Fully ninety percent of businesses fail within the first decade of start-up. Nine out of ten. The numbers are alarming. Yet almost all businesses owners are under the hypnotic spell that it will never happen to them, this ‘business failure thing’. This is their self-talk, “ninety percent may fail but it won’t happen to me!”. Okay. Can you name 5 businesses in your city that are at least 50 years old? Correct. Businesses go out of business at an alarming rate.
The Universal Constant
The only constant in life and business is the certainty of change. Your environment will change. Your people will change. Your competition will change. Your clients will change. The government will change. Interest rates will change. What makes it even more challenging is that the rate of change is accelerating. Successful businesses today need to be nimble just to keep up. Measurement and your ability to make sound decisions as a result of it will keep you and your business sustainable.
Adjust The Sails
The primary way for you to know how to adapt to change is to measure your results so you know where you are and what is and isn’t working. But you also have to know which activities to change to produce better results. Simply measuring your results is not enough. That’s why masters measure and they measure consistently. Measuring, comparing, tweaking.
For example, if you read Warren Buffet’s annual report to shareholders, you’ll see the whole thing is filled with measurements and comparisons: How he’s doing today versus with how he did last year. This quarter versus the same quarter a year ago. Month over month. Current performance versus projected performance. Buffett understands that the slightest numerical variation can mean the difference between stupendous success and catastrophic failure.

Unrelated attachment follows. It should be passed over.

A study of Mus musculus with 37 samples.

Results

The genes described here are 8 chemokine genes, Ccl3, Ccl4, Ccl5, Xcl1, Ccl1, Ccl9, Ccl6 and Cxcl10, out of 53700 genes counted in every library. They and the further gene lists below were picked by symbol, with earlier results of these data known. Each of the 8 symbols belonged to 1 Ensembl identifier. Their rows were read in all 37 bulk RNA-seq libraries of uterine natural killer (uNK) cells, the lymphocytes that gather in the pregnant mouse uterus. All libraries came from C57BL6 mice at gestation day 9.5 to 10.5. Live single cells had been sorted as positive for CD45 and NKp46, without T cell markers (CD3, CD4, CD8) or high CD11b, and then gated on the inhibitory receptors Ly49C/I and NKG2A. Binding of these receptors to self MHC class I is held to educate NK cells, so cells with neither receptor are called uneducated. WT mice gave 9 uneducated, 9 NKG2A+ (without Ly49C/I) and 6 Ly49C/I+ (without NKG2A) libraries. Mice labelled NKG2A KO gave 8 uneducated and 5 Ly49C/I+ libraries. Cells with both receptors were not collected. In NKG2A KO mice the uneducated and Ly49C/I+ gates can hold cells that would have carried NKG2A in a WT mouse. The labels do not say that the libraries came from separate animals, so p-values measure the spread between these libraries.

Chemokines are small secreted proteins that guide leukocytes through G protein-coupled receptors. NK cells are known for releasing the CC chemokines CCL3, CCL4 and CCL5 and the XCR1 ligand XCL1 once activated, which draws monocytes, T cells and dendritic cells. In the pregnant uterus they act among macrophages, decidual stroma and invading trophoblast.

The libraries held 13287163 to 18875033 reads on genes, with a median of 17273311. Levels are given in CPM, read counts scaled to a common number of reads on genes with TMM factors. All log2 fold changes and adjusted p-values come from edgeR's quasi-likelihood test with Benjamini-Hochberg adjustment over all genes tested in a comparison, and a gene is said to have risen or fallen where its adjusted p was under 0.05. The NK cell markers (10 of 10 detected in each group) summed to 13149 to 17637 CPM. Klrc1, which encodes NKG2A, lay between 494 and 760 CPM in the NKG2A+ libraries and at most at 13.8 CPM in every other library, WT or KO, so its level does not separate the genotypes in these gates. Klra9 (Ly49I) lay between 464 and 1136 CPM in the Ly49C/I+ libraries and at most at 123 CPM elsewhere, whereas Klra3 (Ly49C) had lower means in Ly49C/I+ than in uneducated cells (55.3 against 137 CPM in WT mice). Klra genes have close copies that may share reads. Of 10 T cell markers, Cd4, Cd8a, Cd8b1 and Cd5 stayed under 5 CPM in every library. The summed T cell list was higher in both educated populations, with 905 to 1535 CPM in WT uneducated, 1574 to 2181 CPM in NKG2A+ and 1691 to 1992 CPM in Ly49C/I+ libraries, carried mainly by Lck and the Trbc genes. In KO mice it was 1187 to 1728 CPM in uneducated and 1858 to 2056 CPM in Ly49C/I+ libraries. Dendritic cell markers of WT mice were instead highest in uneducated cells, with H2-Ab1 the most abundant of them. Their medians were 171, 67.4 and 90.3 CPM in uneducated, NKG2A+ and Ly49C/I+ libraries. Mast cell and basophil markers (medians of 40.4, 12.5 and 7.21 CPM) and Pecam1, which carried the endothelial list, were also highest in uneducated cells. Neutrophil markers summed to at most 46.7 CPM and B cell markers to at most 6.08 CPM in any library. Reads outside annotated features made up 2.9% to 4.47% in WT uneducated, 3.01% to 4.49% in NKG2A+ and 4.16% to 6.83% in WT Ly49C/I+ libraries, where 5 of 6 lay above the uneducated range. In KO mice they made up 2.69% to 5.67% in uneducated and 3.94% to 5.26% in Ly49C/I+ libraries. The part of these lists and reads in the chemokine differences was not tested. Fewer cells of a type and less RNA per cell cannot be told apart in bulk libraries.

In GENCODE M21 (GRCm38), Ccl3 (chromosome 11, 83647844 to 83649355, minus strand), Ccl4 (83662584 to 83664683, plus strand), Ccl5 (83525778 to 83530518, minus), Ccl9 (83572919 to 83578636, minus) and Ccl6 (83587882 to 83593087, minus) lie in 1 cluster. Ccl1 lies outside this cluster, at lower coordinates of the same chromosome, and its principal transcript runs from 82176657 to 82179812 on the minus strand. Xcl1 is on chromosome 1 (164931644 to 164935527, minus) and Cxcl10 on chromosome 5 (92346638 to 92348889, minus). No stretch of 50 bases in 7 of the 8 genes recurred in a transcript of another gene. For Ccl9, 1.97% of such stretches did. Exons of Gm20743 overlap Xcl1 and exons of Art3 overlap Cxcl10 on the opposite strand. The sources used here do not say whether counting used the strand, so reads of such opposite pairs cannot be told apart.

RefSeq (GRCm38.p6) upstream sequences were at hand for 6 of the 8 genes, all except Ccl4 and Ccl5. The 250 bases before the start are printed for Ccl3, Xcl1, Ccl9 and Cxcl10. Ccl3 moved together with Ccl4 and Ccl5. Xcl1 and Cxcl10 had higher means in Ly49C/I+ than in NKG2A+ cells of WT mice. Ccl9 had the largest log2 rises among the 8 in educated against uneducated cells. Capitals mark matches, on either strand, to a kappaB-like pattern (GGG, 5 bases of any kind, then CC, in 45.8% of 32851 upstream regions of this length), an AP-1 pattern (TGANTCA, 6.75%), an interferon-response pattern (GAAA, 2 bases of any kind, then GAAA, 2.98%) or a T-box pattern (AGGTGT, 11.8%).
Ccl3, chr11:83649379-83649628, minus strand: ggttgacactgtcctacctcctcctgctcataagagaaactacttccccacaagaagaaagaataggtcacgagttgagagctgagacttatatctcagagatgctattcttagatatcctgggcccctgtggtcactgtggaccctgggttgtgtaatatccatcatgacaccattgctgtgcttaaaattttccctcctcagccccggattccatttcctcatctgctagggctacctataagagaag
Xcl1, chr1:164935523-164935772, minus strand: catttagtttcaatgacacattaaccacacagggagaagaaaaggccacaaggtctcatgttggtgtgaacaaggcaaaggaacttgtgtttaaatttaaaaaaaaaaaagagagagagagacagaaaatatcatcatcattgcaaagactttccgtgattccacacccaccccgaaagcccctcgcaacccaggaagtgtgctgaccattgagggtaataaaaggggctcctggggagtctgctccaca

Basic Business Requirement
Without measuring, how will you know if you’re getting better or worse and, equally important, what caused these changes and what should you do about them? At its most basic business optics relies on measuring the trends and relationships between the numbers…knowing what to measure, how to measure, what it all means, and what to change so that the appropriate problem is identified and the offending activity is corrected. In a nutshell, measure the effect and change the cause. It’s that simple.
Know The Score Outside Your Business
Dr. Alexander Elder, a leading financial psychologist (he works with the world’s best traders) states that the only thing that separates the top 1% traders from the rest of the pack is that the top traders record and review every single trade. Put simply, great traders keep meticulous records. Great business leaders similarly know the score. Great athletes do the same. The list goes on. You don’t have to measure everything, just a range of numbers that are critical to your results within your sphere of influence.
So be disciplined. Measure and move forward through the guidance of what it is you are measuring. Whenever I meet a business leader, this is one of the first 3 questions I ask. “What are you measuring?”. The answer I receive tells me a lot about what is happening in the enterprise without being privy to other facts.
Are you a master, or an amateur? Key.